Valentine’s Story #1
“I thought you like flowers, which is why I bought them for you. Remember you complained that I didn’t bring flowers. Now I bring them, and you…” Jom stares at his wife Jasmin in dismay.
“How much did you pay for this? We have our mortgage to pay; we have our son’s college tuition to plan for.” Jasmin says in a worried tone.
“It didn’t cost a penny. The florist just insisted that I took these flowers for free and she would not take no for an answer.” Jom says.
“Oh, give me a break. That doesn’t sound plausible. Wait a minute. She? She insisted? I mean is there a special relationship between …” Jasmin says.
The two argue for a while until finally Jasmin extracts the information from Jom–it costs $40. Then Jasmin quickly whips out her iPhone and did a calculation. She’s a mathematician and works as an accountant. They can somehow lower their heating bill by $40 without too much erosion on their winter comfort to recuperate the loss. Jasmin becomes happy again.
Valentine’s Story #2
“An anonymous love letter for you? Who’s he?” Arhu asks his wife Armei.
“I don’t know. There’s no signature.” Armei says.
Arhu takes the letter in hand and examines it closely, but doesn’t know what to make of it one way or another.
“Who sends letter these days? I mean everybody is using email or social media.” Arhu says.
“Probably my admirer is a very handsome wild caveman who lives in a place beyond the reach of internet. And he only comes down to a village once a month to collect his mails.” Armei says with a deliberate drawl to show her pride.
“If that’s the case, I don’t need to worry about it. You will never be interested in a caveman since he doesn’t take showers and has no sense of modern hygiene…” Arhu says and sits down for dinner.
“Wait, wash your hands. You just touched the letter, which might have Covid or …” Armei says.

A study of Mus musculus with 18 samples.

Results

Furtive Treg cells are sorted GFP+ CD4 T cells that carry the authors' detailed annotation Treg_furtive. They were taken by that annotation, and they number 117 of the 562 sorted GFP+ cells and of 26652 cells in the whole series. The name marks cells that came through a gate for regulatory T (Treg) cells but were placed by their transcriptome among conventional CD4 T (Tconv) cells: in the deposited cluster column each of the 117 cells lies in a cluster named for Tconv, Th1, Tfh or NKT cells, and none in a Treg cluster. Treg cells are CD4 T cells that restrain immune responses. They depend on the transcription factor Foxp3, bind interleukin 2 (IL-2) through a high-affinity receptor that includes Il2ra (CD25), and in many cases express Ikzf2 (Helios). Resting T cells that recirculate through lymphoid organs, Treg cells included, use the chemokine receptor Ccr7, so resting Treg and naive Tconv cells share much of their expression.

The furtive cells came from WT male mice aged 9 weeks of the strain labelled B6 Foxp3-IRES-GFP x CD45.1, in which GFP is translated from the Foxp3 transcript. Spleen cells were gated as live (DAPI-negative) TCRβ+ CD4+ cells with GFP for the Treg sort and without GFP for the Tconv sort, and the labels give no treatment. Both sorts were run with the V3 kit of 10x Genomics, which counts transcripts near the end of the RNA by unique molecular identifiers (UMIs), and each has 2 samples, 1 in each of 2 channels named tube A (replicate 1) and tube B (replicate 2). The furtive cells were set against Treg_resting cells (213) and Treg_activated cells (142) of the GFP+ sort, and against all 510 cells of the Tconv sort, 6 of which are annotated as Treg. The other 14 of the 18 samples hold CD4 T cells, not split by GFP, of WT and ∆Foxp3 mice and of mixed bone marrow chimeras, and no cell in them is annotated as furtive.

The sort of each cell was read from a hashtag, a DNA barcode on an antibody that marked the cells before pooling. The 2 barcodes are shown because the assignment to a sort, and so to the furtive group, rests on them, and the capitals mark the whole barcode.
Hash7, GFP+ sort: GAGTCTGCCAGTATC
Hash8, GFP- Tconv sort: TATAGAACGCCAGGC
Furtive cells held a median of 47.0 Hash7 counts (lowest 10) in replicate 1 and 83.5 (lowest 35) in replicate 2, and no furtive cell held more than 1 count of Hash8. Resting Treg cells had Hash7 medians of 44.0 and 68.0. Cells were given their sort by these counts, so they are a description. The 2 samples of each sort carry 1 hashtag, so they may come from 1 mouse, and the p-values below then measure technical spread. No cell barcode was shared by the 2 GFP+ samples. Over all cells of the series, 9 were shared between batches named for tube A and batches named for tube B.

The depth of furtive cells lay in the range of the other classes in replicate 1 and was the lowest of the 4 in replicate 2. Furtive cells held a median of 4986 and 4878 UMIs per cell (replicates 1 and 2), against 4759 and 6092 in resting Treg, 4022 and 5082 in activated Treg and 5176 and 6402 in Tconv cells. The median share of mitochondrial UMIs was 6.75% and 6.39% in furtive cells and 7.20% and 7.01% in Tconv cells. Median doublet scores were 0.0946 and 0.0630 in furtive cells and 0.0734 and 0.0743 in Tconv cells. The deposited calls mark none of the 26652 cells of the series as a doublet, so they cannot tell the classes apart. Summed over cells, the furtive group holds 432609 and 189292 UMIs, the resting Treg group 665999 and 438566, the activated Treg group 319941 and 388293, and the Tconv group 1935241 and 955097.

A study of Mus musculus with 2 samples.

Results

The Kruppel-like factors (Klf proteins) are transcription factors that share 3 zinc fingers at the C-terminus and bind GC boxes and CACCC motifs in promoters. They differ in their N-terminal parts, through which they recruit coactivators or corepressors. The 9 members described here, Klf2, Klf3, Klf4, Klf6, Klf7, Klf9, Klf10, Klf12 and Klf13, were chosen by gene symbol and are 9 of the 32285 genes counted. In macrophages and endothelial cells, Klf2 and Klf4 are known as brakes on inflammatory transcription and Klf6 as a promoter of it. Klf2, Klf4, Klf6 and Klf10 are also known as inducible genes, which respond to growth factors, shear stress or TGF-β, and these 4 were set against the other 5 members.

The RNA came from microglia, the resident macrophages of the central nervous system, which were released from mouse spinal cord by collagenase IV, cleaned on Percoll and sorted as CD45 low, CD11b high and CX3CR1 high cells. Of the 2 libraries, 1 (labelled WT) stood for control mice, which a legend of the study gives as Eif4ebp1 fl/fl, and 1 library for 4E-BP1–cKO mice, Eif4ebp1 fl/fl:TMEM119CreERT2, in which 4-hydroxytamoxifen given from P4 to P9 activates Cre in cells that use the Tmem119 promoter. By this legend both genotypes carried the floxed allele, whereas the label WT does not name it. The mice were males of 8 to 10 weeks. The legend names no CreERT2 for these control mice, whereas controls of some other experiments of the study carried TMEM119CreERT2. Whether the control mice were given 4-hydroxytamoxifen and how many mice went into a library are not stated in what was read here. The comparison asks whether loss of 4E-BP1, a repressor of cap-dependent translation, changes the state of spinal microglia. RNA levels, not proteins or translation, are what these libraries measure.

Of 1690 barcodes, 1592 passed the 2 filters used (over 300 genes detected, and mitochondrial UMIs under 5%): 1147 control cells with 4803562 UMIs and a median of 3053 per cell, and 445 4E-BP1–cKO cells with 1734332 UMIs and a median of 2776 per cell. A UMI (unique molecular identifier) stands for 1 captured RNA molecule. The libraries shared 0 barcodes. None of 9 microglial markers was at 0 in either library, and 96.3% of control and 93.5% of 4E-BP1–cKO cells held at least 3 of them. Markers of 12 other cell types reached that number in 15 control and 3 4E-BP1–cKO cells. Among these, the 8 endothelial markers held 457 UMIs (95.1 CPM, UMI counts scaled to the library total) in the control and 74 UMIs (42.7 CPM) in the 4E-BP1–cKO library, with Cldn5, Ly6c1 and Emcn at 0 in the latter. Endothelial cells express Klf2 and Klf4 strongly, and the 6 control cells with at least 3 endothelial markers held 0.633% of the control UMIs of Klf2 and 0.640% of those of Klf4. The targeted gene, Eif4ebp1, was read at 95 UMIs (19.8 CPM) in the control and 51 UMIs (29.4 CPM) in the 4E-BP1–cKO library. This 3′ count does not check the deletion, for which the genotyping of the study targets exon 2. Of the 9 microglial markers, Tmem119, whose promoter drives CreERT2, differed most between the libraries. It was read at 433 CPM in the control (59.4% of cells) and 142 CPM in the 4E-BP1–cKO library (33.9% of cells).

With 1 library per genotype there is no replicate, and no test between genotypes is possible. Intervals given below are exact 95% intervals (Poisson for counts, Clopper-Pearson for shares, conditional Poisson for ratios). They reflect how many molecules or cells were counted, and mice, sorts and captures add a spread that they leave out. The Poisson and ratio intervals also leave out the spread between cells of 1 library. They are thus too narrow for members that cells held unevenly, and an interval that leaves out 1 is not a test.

“See, this is exactly what I am talking about. You will never go for a caveman.”Arhu says. However he still can’t let go. Throughout the dinner time, he would from time to time comes up with one or two questions for Armei about this mystery man. And Armei answers his questions with all the vagueness she can master to tease Arhu, who looks annoyed and plagued.
After the dinner, when Arhu goes to the living room to watch TV, Armei exchanges text messages with her friend Reni, who lives in California.
“Thank you for sending the letter, Reni. Arhu is appropriately disturbed, very much to my satisfaction.” Armei types.
“Wow, Armei. My husband and I drove to Las Vegas last weekend and I mailed you the letter from there. It should have a post mark from Nevada, not California. Anyway, thank you for mailing me an anonymous love letter. My husband is disturbed too. You are so clever to come up with the letter exchanging scheme. However I am planning to tell him the truth tonight.” Reni types.
“I mailed the letter last weekend when I went to New York City. So the letter should bear the post mark of New York, rather than New Jersey. Well, are you sure you want to tell him tonight? I am thinking of revealing everything to Arhu in a week, just to keep him guessing a little longer.” Armei says.
“Sounds good. Happy torturing.” Reni types.